RX BY OUT-OF-STATE DENTISTS

Senate Bill 213 as passed by the Senate

Sponsor: Sen. Tom Casperson                                             (Enacted as Public Act 155 of 2011)

House Committee:  Health Policy

Senate Committee:  Health Policy

First Analysis (7-15-11)

BRIEF SUMMARY:  The bill would allow a Michigan pharmacist to fill a prescription for a controlled substance if the prescription was written by a dentist prescriber licensed in another state and authorized to prescribe controlled substances, in the same manner currently allowed for prescriptions issued by licensed physicians from other states.

FISCAL IMPACT:  The bill would have no fiscal implications for state or local units of government.

THE APPARENT PROBLEM:

Michigan residents are highly mobile these days, often traveling outside the state for pleasure or business.  When dental emergencies occur on the road, it may be necessary to seek treatment by local dentists.  In addition, many Michigan residents living near borders with other states seek medical and dental care from providers whose offices are across state lines.  If the treating dentist in another state writes a prescription for an antibiotic or painkiller, the prescription cannot be filled or refilled at a Michigan pharmacy. 

Currently, Michigan pharmacists are allowed under state law to fill prescriptions written by out-of-state doctors.  Public Act 150 of 2009 expanded the law to allow pharmacists to fill prescriptions for controlled substances written by an out-of-state M.D. or D.O. as long as that doctor was licensed to practice and authorized under that license to write prescriptions for controlled substances.  (A controlled substance is a drug or substance with a potential for abuse, such as narcotic pain killers and sedatives.  They are identified in drug schedules based on the risk of abuse, with Schedule 1 listing substances such as heroin that have no medical use and a high risk of abuse.  Drugs and substances on Schedules 2 through 5 may be prescribed by certain medical professionals and pharmacists may fill those prescriptions.)

It has been suggested that the law be amended to allow Michigan pharmacists to fill prescriptions written by dentists, including prescriptions for controlled substances, in the same manner as allowed for licensed physicians.

THE CONTENT OF THE BILL:

Currently, the Public Health Code allows a pharmacist to fill a prescription issued by a licensed physician (M.D. or D.O.) from a state other than Michigan under certain conditions.   Prescriptions for a controlled substance may also be filled if issued by a physician prescriber licensed under the laws of his or her home state to practice medicine or osteopathic medicine and surgery and to prescribe controlled substances.  The provisions apply to prescriptions written and signed, or transmitted by facsimile, electronic transmission, or other means of communication.  A pharmacist who violates these provisions is subject to fines, license sanctions, restitution orders, and/or community service.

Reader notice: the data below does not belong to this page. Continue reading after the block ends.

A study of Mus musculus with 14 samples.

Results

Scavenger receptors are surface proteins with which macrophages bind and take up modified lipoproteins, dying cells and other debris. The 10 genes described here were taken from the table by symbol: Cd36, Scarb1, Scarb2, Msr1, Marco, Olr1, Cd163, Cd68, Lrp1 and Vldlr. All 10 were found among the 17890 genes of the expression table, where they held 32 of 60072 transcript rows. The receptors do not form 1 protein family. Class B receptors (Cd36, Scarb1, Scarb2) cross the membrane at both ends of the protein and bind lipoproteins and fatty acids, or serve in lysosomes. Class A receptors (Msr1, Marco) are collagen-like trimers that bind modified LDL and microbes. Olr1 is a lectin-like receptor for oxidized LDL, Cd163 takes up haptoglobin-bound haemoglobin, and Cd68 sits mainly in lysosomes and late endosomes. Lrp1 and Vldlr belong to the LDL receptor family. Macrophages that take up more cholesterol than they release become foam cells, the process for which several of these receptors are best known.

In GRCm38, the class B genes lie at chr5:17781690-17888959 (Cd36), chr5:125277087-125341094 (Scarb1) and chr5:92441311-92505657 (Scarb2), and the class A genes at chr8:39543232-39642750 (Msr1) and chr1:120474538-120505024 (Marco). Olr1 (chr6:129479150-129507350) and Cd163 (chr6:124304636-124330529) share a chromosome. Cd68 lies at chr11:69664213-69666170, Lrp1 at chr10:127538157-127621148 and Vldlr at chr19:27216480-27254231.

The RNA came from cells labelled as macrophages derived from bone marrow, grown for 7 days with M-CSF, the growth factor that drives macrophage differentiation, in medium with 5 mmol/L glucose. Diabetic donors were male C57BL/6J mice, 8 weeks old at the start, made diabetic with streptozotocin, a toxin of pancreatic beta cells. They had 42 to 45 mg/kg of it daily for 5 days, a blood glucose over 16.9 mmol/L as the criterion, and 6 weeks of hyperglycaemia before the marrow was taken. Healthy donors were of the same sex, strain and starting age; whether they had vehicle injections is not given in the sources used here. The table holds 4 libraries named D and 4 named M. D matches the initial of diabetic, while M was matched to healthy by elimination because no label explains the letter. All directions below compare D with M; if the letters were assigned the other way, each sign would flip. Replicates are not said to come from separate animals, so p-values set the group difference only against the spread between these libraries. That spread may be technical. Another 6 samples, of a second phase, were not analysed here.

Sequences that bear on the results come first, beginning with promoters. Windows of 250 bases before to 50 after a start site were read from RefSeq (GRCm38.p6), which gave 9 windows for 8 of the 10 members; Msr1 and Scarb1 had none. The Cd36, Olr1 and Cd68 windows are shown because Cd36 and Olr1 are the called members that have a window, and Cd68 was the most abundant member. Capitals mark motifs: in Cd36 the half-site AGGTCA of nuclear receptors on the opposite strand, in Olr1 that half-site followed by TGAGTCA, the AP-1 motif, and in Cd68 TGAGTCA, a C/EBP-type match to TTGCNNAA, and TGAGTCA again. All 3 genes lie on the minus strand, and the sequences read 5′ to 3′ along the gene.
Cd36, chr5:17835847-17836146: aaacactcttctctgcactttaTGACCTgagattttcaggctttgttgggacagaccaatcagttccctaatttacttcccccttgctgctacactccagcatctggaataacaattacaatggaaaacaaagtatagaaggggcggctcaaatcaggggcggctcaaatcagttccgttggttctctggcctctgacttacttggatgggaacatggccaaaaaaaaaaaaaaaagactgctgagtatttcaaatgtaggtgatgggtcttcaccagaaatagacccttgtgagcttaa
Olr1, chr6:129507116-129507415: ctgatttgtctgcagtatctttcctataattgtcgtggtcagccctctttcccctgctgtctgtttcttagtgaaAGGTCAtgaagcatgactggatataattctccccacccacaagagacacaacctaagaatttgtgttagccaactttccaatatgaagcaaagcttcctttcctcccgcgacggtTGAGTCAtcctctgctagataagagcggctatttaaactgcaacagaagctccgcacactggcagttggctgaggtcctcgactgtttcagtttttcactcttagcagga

Senate Bill 213 would amend the Public Health Code (MCL 333.7405 et al.) to apply the above provisions also to prescriptions issued by dentists licensed in another state for controlled substances or drugs requiring a prescription under federal law.  Similarly, the definition of "prescription" would be revised to include prescriptions issued by a dentist prescriber licensed in a state other than Michigan.

HOUSE COMMITTEE ACTION:

No amendments were adopted by the House Committee on Health Policy.

ARGUMENTS:

For:

The bill simply allows Michigan pharmacists to fill prescriptions written by licensed, out-of-state dentists, including prescriptions for controlled substances, in the same manner as filling prescriptions written by physicians licensed in another state.  Seeing that a significant number of residents live in regions bordered by other states, and that many people travel to other states for business or for personal reasons, it makes sense that a person receiving dental care from a dentist located out of state should be able to have a pharmacist close to home fill a prescription ordered by that treating dentist.

POSITIONS:

The Michigan Pharmacists Association indicated support for the bill.  (6-23-11)

The Michigan Dental Association indicated support for the bill.  (6-23-11)

The Michigan Association of Health Plans indicated support for the bill.  (6-23-11)

                                                                                        Legislative Analyst:   Susan Stutzky

                                                                                                Fiscal Analyst:   Mark Wolf

This analysis was prepared by nonpartisan House staff for use by House members in their deliberations, and does not constitute an official statement of legislative intent.